Engineering students with autonomous vehicle Engineering students with autonomous vehicle


BLACKSBURG, Va., July 28, 2006 – For the third year in a row, the Virginia Tech College of Engineering’s Autonomous Vehicle Team swept the international Intelligent Ground Vehicle Competition (IGVC), winning best and second-best overall and placing first in the three top event categories. The team of mechanical engineering (ME) students also was awarded $15,000 in prize money.

The Virginia Tech team entered three of the 40 autonomous vehicles that competed in this year’s IGVC, which took place in June at the Selfridge Air National Guard Base in Harrison Township, Mich. Thirty-three universities in the U.S. and other countries were represented at the event.

The Virginia Tech students were guided by ME faculty advisers Charles Reinholtz, Alumni Distinguished Professor, and professor Alfred Wicks. Much of the design and construction of the vehicles was directed by graduate students Andrew Bacha of Reston, Va.; Ruel Faruque of Charlottesville, Va.; and Brett Gombar of Montclair, Va.

Three team members graduated from Virginia Tech in May with bachelor’s degrees in ME: Ben Amar of Pembroke, N.H.; Randy Depoo of Herndon, Va.; and Ryan Tenga of Fairfax, Va. Graduate student Jon Weekly of Cincinnati, Ohio, and senior Peter King of Alexandria, Va., also participated in the competition.

During the IGVC, autonomous vehicles use on-board computer and navigational technologies to navigate obstacle courses and point-to-point destination courses without human intervention. The entries also are judged on design innovations.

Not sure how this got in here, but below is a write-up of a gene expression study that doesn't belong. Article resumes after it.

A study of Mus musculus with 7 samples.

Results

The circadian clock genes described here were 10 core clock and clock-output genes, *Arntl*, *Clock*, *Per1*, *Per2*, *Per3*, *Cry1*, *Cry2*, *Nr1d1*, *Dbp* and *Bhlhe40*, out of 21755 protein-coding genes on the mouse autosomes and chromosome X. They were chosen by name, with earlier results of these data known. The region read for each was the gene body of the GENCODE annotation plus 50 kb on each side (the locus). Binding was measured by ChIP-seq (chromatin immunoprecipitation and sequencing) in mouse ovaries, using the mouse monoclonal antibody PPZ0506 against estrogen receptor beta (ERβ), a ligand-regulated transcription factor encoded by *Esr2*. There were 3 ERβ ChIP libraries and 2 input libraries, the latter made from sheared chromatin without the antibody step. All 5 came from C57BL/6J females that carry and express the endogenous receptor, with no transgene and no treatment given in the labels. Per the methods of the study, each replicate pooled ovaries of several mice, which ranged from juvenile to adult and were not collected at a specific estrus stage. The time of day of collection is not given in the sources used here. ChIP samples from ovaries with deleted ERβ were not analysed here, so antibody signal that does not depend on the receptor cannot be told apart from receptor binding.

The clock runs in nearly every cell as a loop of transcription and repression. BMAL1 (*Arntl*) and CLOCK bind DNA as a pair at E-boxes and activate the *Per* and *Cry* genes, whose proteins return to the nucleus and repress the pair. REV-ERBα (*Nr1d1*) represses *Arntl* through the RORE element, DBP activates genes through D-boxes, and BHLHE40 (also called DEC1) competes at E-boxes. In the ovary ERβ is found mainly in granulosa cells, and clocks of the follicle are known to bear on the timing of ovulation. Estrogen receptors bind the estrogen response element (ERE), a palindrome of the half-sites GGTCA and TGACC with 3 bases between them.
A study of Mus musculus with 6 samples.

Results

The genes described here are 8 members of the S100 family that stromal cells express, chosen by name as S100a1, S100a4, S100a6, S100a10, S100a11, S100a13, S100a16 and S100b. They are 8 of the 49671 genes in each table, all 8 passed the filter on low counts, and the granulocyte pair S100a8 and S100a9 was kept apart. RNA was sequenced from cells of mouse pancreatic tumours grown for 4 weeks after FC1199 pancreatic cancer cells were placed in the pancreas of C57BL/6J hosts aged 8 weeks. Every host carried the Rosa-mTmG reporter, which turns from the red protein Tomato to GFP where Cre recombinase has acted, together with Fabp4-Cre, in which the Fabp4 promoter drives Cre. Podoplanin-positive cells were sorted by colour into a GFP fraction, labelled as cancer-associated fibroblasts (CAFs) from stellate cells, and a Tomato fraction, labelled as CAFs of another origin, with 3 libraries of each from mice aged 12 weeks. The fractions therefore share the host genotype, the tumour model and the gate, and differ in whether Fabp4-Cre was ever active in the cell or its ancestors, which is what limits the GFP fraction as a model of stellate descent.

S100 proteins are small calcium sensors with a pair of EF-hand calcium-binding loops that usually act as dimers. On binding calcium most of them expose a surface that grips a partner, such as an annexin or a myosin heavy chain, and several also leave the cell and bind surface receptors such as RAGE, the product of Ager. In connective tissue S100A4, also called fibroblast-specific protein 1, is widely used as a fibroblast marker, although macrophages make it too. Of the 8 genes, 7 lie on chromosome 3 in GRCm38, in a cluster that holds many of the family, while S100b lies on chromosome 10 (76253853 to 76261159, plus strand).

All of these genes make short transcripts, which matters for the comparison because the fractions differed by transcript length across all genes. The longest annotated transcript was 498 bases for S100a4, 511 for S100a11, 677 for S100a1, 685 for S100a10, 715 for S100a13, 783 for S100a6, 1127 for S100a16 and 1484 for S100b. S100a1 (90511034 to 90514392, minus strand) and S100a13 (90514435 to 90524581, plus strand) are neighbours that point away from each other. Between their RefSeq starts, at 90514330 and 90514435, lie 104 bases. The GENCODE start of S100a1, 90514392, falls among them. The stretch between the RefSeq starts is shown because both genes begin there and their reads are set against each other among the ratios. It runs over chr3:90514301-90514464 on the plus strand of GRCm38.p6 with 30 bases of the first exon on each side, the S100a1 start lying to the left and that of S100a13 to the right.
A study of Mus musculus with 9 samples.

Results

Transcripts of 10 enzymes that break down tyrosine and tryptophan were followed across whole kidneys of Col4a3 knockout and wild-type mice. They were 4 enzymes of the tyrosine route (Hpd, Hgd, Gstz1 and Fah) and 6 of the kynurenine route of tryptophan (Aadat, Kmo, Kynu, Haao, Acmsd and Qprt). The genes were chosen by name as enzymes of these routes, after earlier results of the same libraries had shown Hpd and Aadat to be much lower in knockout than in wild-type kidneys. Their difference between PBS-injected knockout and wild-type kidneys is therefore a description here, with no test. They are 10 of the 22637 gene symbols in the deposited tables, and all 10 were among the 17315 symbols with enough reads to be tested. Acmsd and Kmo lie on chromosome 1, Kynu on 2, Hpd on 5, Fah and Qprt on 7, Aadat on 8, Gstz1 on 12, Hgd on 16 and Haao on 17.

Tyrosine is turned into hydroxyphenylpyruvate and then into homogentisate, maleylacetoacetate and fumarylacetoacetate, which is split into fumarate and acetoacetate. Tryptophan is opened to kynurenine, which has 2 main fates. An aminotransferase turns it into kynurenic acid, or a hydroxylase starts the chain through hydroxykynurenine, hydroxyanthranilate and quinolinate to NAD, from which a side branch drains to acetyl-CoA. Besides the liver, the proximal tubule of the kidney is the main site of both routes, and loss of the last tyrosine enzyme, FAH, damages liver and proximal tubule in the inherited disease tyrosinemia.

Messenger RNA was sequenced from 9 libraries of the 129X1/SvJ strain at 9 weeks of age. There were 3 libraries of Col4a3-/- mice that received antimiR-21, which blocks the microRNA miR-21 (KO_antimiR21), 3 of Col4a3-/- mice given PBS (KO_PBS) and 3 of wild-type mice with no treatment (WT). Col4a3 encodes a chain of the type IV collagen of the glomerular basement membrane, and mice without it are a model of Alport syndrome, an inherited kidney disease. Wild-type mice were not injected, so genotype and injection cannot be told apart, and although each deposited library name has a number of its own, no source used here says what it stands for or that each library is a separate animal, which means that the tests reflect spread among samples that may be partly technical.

The Virginia Tech team equipped their vehicles — “Chimera,” “Gemini” and “Johnny-5” — with computers and navigational sensors, including digital cameras, digital compasses, GPS and scanning laser range finders. The vehicles differ in body construction, power sources, and operational variations that the team implemented in the on-board computer software.

Gemini placed best overall in the 2006 IGVC — repeating its first-place performance from the 2005 competition — and also won the Autonomous Challenge. Johnny-5, which best placed overall in 2004, came in second place overall for 2006 and won the Navigation Challenge. Chimera, a new vehicle built during the past academic year, placed first in the Design Competition.

The Virginia Tech team also won prizes for implementing a new software standard for unmanned systems and for implementing the ability to point to a target at the end of a navigation run.

The IGVC is supported by a number of sponsors, including the Association for Unmanned Vehicle Systems International, U.S. Department of Defense, Society of Automotive Engineers, and General Motors.

The College of Engineering at Virginia Tech is internationally recognized for its excellence in 14 engineering disciplines and computer science. The college's 5,500 undergraduates benefit from an innovative curriculum that provides a "hands-on, minds-on" approach to engineering education, complementing classroom instruction with two unique design-and-build facilities and a strong Cooperative Education Program. With more than 50 research centers and numerous laboratories, the college offers its 1,800 graduate students opportunities in advanced fields of study such as biomedical engineering, state-of-the-art microelectronics, and nanotechnology. Virginia Tech, the most comprehensive university in Virginia, is dedicated to quality, innovation, and results to the commonwealth, the nation, and the world.